Alberta's heath minister says changes have been made to make sure medical tests are accurate.
"What this looked at is at the system level what are the checks and balances that are in place and are they adequate in order to be able to assure Albertans that we are finding cases of error and that we are appropriately dealing with them, and — even more important than that — that are we equipped as best we can to prevent errors from occuring," he said.
The province says 325 patients were affected, but no one died and no one was seriously harmed.
"After the third incident I felt it was appropriate and neccessary from the point of view of just reassuring the public, and reassuring me as the person who's accountable for this, that we were doing everything we can to strengthen our system and processes," said Horne.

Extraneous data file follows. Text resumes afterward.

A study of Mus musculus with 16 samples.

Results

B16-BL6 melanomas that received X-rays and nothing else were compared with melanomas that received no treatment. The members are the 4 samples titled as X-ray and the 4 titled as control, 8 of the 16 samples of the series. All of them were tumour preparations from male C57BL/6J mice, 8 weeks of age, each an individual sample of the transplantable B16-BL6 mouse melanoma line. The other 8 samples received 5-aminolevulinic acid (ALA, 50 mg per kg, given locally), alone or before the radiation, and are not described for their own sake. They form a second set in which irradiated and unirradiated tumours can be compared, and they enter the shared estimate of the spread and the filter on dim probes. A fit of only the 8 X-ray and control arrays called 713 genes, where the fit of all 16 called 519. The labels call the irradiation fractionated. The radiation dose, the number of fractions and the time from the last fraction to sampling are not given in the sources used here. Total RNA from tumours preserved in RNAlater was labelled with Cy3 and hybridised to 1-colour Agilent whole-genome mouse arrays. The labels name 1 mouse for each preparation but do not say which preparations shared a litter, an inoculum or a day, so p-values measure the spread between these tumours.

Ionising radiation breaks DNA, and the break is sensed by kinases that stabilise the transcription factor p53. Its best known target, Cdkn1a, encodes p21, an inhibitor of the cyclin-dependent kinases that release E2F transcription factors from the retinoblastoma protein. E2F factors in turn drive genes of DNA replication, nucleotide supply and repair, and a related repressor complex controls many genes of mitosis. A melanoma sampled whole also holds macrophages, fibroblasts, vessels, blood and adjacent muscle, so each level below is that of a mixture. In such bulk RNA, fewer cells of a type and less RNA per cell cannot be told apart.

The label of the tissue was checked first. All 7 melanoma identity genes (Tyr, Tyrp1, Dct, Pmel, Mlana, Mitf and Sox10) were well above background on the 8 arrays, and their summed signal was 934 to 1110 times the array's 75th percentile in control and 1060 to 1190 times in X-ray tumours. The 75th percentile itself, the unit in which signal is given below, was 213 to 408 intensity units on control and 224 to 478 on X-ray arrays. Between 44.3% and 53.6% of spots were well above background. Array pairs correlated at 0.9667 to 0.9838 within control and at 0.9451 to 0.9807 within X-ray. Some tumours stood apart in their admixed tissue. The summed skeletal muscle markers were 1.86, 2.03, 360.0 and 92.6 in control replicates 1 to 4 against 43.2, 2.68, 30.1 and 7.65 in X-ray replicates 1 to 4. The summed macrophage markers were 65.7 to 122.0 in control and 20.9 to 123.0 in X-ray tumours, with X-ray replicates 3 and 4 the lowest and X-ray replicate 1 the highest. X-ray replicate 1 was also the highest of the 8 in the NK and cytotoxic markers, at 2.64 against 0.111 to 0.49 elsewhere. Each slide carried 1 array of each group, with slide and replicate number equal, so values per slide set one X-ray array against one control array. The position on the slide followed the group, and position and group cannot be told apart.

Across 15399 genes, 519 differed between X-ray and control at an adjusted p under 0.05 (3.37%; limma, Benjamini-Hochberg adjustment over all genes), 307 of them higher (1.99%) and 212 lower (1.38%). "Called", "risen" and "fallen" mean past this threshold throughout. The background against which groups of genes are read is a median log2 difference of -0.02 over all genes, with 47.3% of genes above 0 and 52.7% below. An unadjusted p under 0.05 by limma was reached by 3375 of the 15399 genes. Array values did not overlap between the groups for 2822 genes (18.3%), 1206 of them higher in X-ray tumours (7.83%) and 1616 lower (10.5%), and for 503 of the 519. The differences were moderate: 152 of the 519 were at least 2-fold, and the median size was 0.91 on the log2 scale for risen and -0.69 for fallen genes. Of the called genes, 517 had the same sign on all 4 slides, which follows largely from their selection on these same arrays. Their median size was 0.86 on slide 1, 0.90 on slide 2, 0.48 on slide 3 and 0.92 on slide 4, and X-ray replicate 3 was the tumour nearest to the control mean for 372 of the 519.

The province says Alberta Health Services and the College of Physicians and Surgeons of Alberta have already begun to implement the action plan recommended by the investigation.
Processes need to be standardized, finds report
However, the investigation says Alberta needs to make sure the processes are standardized across the province.
It also says the province needs to "strengthen communication between AHS and its zones, the CPSA, Alberta Health and affiliated health agencies that engage physicians" and develop a "single electronic system for managing all physician-related information."
Dr. Trevor Theman of the College of Physicians and Surgeons says they need to make sure specialists are up to date on technology.
"Of course the technology changes, and it changes quickly," he said.
"So there has to be a mechanism to ensure that not only was somebody competent to interpret CT at the time he or she was qualified, but maintains confidence as the technology changes, and that is the piece that our advisory committee on diagnostic imaging will be addressing."
The review says medical organizations need to work together to make sure doctors privileges match qualifications.